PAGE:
To say that the Galaxy S6 has a great camera would be an understatement. Samsung's flagship boasts a 16MP, optically-stabilized shooter that's one of the best to ever grace a handset, as our numerous camera tests have shown. But to tap into the full potential of the Galaxy S6's camera, one has to be familiar with its modes and settings. And now that we've explored the camera's arsenal of features, we can give you a list of tips on making the most of the Galaxy S6's snapper.
Sometimes, a fraction of a second can make the difference between an award-winning photo and one you wouldn't really wish to share with anyone. Capturing a very specific moment in time, however, can be a serious challenge. This is where Burst Mode comes into play. It shoots a rapid succession of images – at least 8 full-resolution frames in the Galaxy S6's case – and you may later pick the best image from the bunch. You don't need to activate Burst Mode or choose it from a list of modes in order to use it. You just hold down the shutter button, and the camera instantly starts shooting a series of photos.
The image you see below has been captured in Pro mode, using manual settings. We set the ISO to 800 and reduced the exposure by half a step to get an extremely fast shutter speed. This is important as a fast shutter is required to "freeze" a moving object. A lower ISO setting will also do, as long as you have enough light in the scene, and will produce less noise at that. From a total of 17 images, we picked the one we liked best and cropped the area with the subject to highlight it.
In Pro Mode, your Samsung Galaxy S6 lets you set the focus manually. This can be useful in a number of scenarios, especially when you're trying to snap a beautiful close-up photo. Taking decent bokeh shots is also possible with a little tweaking of the focus settings.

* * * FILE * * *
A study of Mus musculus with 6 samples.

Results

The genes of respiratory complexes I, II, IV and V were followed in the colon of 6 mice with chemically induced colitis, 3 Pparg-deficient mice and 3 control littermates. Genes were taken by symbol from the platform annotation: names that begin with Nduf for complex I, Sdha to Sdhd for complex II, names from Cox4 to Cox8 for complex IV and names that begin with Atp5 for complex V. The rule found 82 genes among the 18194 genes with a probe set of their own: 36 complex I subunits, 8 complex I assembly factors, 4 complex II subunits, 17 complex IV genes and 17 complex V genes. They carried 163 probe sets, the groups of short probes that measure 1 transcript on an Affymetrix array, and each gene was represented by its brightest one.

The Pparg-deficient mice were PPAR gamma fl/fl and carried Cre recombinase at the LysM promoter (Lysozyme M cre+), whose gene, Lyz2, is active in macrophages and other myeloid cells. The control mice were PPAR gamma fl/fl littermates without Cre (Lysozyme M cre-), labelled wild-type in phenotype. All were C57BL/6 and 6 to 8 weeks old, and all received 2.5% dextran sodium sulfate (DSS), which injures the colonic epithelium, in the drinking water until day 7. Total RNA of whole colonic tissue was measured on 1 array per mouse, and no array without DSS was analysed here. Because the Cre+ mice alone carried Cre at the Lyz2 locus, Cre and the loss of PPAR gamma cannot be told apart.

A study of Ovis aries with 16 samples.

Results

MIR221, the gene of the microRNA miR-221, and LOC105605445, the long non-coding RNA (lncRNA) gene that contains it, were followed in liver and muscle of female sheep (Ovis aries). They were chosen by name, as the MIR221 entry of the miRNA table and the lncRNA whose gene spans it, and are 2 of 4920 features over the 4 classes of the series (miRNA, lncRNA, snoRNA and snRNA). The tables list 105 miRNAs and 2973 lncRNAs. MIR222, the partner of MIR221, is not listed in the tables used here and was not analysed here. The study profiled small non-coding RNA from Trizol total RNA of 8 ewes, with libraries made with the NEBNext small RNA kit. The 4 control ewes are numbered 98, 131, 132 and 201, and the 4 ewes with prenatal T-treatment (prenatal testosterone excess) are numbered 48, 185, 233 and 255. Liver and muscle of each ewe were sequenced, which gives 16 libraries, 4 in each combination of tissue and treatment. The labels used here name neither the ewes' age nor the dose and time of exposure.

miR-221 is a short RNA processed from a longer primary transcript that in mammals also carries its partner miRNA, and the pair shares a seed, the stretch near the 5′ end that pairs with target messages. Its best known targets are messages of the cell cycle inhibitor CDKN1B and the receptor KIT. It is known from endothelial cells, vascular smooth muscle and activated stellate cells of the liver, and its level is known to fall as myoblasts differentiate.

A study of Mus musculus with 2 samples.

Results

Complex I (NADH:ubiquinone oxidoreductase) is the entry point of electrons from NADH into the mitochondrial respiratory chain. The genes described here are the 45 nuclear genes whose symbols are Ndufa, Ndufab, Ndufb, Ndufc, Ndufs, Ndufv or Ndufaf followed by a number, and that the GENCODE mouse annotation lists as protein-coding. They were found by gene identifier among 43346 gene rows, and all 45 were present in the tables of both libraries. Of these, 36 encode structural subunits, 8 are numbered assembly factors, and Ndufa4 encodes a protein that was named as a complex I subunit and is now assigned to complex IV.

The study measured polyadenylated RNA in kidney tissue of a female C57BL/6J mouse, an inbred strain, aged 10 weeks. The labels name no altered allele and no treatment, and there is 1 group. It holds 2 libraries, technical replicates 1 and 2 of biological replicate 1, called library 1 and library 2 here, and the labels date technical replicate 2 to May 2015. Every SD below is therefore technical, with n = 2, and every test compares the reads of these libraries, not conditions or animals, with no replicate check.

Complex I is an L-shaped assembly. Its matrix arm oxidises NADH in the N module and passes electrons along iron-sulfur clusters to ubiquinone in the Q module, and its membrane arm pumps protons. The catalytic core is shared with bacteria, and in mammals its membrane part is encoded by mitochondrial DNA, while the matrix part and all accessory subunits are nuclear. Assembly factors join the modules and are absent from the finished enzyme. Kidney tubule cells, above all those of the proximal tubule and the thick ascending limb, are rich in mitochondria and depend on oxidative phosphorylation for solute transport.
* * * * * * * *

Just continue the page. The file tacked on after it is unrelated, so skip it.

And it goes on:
To take a stunning close-up, set the focus to its closest possible setting, indicated by a flower on the focusing slider. Then place the camera at about 4 inches of distance from the subject and find the perfect focus point by moving the camera closer or farther. You may use the digital zoom to get a close look at the image and make sure you have excellent focus. Snap a shot when you're happy with your composition. By applying the same technique, you may also get a good-looking bokeh image, with plenty of blur in the background. For a smartphone camera, that is.
The camera on the Galaxy S6 may be one of the best around, but it isn't perfect. There are times when it just can't nail the correct white balance, although it is much better at this than most other smartphone cameras. As a result, the image might end up looking colder or warmer than it is in reality. This happened to us on several occasions – a few times while shooting outside, about an hour or so before sunset, and once indoors, where light was scarce and of unusual color tone.
The solution? Well, there's a few of them. To improve the color fidelity in those rare images with inaccurate white balance, you may open the Galaxy S6's built-in Photo Editor tool, choose "Tone", and adjust the "Temperature" slider until what you see on the screen matches what your eyes could see in the scene. Or you may adjust the white balance in Pro Mode prior to taking the image. Doing so is a bit trickier than editing a photo that's been already taken, but it should yield a better-looking photo.
Samsung's approach to HDR is probably the best you'll find on any smartphone camera. On top of being highly effective in scenes of high contrast, the HDR mode gives you a live preview of the image about to be taken. You may enable HDR when you're shooting against a strong light source, or if you simply want to add more detail and light to the shadowy areas in your frame. Just don't overuse it. Here's a few examples of the difference HDR mode can make.